Saturday, June 2, 2012

two headstones for Mom, or the curious business of death

Half a century ago, my mother's parents bought a piece of a cemetery in their home town in northern Minnesota. I'm not sure how many grave sites they bought—my guess is eight or twelve. I think they imagined their descendants returning in death to gather for eternity.

That ain't gonna happen.

My brother and his family have lived in New Mexico for decades. They're part of a church there. They have no reason to transport their bodies or ashes thousands of miles to be buried in a place they never loved.

Emma and I are back in Minneapolis, and my instructions for my body are simple: whatever Emma wants to do. I've always admired the Zoroastrian Towers of Silence and American Indian burial platforms. I'd kind of like to be stuffed and placed by the door where I could hold coats and umbrellas at parties, but the cost wouldn't be worth the joke. Burn me, bury me, scatter me, stuff me, or leave me to rot where I won't inconvenience anyone—it's all good. If my spirit will linger anywhere, it'll be somewhere more interesting than the last bits of my body.

These are my grandparents' graves in Minnesota:


Mom used to talk about donating her body to science, but she mentioned that less often in later years. When my sister died suddenly, they buried her ashes in a small country graveyard near her farm in Manitoba. Mom decided to be buried next to Liz, and Dad, who, I suspect, wanted to die at sea in a storm and never found a storm strong enough to kill him,  has agreed to be buried with them. Currently, half of Mom's ashes are buried by this marker:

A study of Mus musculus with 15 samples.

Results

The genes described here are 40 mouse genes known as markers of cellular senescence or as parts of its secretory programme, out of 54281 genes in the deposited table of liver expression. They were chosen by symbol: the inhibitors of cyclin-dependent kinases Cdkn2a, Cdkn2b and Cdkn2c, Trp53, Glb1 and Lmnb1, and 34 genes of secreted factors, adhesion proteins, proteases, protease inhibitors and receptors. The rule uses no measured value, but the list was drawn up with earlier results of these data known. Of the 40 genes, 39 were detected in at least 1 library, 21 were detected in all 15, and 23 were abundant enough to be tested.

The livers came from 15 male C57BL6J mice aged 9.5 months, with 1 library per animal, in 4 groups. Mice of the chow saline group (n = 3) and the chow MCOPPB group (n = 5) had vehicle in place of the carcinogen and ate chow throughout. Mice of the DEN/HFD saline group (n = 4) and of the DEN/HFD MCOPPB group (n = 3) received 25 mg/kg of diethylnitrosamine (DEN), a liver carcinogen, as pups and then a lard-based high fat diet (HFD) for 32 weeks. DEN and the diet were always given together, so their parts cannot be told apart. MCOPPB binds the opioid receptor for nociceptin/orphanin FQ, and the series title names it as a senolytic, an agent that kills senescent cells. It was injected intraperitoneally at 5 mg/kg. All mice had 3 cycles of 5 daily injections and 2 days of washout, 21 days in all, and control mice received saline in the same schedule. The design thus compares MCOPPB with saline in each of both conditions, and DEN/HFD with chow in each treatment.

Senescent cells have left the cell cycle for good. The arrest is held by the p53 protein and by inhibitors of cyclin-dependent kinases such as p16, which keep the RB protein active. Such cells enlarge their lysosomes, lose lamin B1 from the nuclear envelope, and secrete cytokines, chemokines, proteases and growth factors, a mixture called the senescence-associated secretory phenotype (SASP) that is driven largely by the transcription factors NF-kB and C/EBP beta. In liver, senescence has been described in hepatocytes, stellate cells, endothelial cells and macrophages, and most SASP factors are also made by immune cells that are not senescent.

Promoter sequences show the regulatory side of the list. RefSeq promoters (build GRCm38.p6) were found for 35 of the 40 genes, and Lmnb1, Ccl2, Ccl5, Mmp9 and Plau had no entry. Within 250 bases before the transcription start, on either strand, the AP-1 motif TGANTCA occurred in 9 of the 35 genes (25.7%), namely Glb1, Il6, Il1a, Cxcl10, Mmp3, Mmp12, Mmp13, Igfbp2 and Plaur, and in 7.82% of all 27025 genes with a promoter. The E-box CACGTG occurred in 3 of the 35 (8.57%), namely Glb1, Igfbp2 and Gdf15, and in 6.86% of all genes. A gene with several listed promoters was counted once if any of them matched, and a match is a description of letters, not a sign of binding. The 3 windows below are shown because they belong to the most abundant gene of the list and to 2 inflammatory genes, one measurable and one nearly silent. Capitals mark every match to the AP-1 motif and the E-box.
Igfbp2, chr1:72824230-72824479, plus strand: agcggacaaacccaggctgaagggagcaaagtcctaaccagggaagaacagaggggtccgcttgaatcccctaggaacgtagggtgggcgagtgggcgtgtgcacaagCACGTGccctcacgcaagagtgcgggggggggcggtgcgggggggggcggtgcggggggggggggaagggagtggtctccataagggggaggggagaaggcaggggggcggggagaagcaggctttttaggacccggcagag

Mom mentioned to my niece once that she would like half of her ashes to be buried with her parents, so I accepted the job of making that happen.

Which may've been a bad idea, because at a basic level, I just don't understand graveyards. If you want to spend money on someone, spend it on them while they're alive.

I understand memorial services. They're not for the dead. They're for the grieving.

But I don't understand spending money to mount a piece of rock in a field that could be a park or farmland or a nature preserve. If you need more than your memories to remember someone, keep a photo or something that person had. In my living room, I have a small metal pitcher that was in Mom's bedroom when she died. It's more than enough for me to remember Mom.

I wanted to plant something over her ashes in Minnesota, then decide whether there should be a formal marker also, but my brother and my niece want a headstone, and I love them, so there'll be a marker in Minnesota as well as Manitoba. Something that should look nice near Mom's parents' graves will cost about $700, which is either too much or too little to spend on remembering someone you love, but that's the business of death for you.